An Army officer sets the Pentagon, Capitol Hill buzzing with a published complaint that US military leaders are not being honest about slow progress in the Afghanistan war. He's not the only doubter.



In many cases, US military leaders of the current wars have internalized a troubling lesson from Vietnam, argues Army Col. Paul Yingling: “If you can’t speak the truth, speak in truisms.” 

Yingling, who wrote “A Failure in Generalship,” a widely regarded and widely discussed 2007 Armed Forces Journal article, cites his picks for the top truisms of the Afghanistan war:

  • We’re making progress, though it’s uneven and uncertain.
  • There will be setbacks and hard fighting ahead.
  • Our hard-won progress is fragile and reversible.
  • The next six months are critical.

These oft-repeated phrases tend to produce eye-rolling among many who follow the war, because they have come to mean so little. “There are almost no conceivable circumstances in which they would not be true,” notes Yingling, in an e-mail. “No matter what happens, a senior leader can point to one of these truisms and claim, ‘I warned you.’ "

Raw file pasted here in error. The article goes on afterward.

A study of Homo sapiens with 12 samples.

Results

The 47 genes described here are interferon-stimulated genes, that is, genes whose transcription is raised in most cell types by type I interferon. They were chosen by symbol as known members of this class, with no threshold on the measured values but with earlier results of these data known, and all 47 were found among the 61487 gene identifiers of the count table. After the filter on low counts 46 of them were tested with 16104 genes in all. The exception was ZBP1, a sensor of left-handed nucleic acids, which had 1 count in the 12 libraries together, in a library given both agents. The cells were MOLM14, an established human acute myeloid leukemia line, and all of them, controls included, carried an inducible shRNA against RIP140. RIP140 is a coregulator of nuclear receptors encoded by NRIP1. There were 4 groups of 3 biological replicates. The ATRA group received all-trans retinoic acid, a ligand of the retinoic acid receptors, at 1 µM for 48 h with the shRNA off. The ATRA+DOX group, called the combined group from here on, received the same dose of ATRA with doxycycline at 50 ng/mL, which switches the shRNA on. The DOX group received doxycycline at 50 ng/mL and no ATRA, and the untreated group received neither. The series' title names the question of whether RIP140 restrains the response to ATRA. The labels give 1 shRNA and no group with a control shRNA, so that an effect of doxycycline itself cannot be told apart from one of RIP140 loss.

More troubling is that such truisms “justify continued fighting while minimizing the likelihood of anyone being held accountable for the results of such fighting,” Yingling adds.

For his part, Davis concludes in his article that a lack of candor is not patriotic, but rather ultimately does a disservice to the United States. When it comes time to decide whether to go to war – or whether to continue one – “our senior leaders have an obligation to tell Congress and American people the unvarnished truth,” he writes. “That is the very essence of civilian control of the military. The American people deserve better than what they’ve gotten from their senior uniformed leaders over the last number of years.”

The Pentagon has declined to comment on Davis's article.